According to ECI Partners’ Growth Characteristics report, business leaders in the healthcare sector are more likely to seek an IPO than in any other sector, with 27% saying that becoming listed is the end goal for their business.
The healthcare industry has been front and centre over the last two years, with this often translating into strong business performance. It has demonstrated the sector’s critical importance in society, which makes demand incredibly resilient, with businesses operating in this space more likely to be able to withstand market disruption and economic shocks. As a result, opportunities abound.
How the COVID-19 pandemic shaped mergers & acquisitions in the healthcare sector
The crisis fundamentally changed the short and longer-term future of the healthcare landscape – impacting both the healthcare provider and life sciences industries. COVID-19 also exposed the economic and social consequences of inadequate pandemic preparedness, driving increased investment from governments and private companies to be better placed in case of any future such outbreaks.
For example, the US Government called on countries and companies around the world to create a US$10bn global health fund to prepare for future pandemics and announced a US$250mn contribution from the United States to jumpstart the effort.
The COVID-19 pandemic created direct strong interest in investment opportunities in life sciences, including those that directly were involved in detecting, containing, and treating viruses, and it has also resulted in healthcare systems and business models evolving.
As well as short-term demand generation for companies directly involved with COVID-19, the pandemic also shifted long-term customer preferences, upset supply chains, and prompted new regulation, resulting in opportunities for new business models across services, technology, and staffing solutions.
Uncertainty surrounding the effects of COVID-19 on the healthcare system globally slammed the brakes on mergers and acquisitions in 2020, following a record year in 2019. However, in 2021, deal value rebounded, growing 44% to US$438bn, up from US$305bn the prior year. Strong interest in healthcare M&A resulted in high deal volumes in 2021, but also drove valuation multiples up to some of the highest levels seen for a decade.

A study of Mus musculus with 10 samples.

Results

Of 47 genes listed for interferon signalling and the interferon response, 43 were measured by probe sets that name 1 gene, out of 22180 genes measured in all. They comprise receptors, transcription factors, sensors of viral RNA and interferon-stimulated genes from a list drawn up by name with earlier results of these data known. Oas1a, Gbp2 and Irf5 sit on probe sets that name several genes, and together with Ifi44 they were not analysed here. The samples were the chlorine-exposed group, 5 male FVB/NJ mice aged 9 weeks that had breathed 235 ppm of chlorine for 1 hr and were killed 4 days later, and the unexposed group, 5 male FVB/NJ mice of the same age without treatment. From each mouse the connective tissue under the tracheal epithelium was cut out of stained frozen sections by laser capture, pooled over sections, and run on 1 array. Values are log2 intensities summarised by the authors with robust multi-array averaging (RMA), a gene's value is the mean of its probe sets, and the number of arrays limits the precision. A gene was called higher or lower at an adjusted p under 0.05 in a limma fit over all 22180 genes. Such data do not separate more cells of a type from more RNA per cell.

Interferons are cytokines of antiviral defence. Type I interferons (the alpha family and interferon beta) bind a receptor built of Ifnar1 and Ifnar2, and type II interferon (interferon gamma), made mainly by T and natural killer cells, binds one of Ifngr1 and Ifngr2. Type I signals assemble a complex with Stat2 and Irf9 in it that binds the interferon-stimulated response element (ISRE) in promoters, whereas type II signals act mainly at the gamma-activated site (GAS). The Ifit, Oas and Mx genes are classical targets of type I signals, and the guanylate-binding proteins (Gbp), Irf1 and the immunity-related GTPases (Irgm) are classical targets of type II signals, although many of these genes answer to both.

Making leadership count in the healthcare industry
Strong leadership teams have been a vital part in ensuring healthcare businesses thrive as we emerge from the COVID-19 pandemic. Indeed, CEOs will continue to have ambitious growth plans. That said, leaders have had to evolve their business models rapidly in times of volatility and uncertainty. They have had to react quickly and efficiently with the knowledge that lives were depending on the decisions they were making – this placed huge pressure on leaders in the sector.
This may explain why ECI’s Growth Characteristics research showed that when it comes to length of tenure, a third of healthcare CEOs (33%) want to stay in their business for at least the next year, but no longer than five years.
Digital healthcare and IPO as an exit route
The IPO market was buoyant throughout 2021 across many sectors, but healthcare, including medtech and digital health, and biotech in particular saw a lot of activity with strong valuations. Healthcare companies raised a record-breaking US$56.36bn across 403 IPOs in 2021. This was a significant increase compared to pre-pandemic levels, where in 2019, there were only 183 healthcare IPOs.
IPOs have become more interesting as an exit route for CEOs and shareholders of businesses over this period, as a result of:
- Attractive IPO valuations for listed stocks in high growth sectors
- Increased public market interest in the healthcare and life sciences sectors in particular
- Access to large pools of further capital (albeit often also available in private equity)
- Higher profile for a business, which can help with recruiting talent and with growth
However, as a number of businesses have seen since going through an IPO in 2021, macro factors can have a significant impact on share prices and create volatility. For instance, biotech IPOs from 2021 were on average down c. 20% at the start of this year and have fallen further since. Significant share price declines can have unfortunate knock-on effects on the growth strategies a CEO might have for their business.
For business leaders considering an IPO in 2022, it’s important to weigh up the benefits and the potential impacts of such an exit and look to external advisers to support in these decisions to ensure that their growth ambitions can be maintained and weather any market disruptions on the horizon.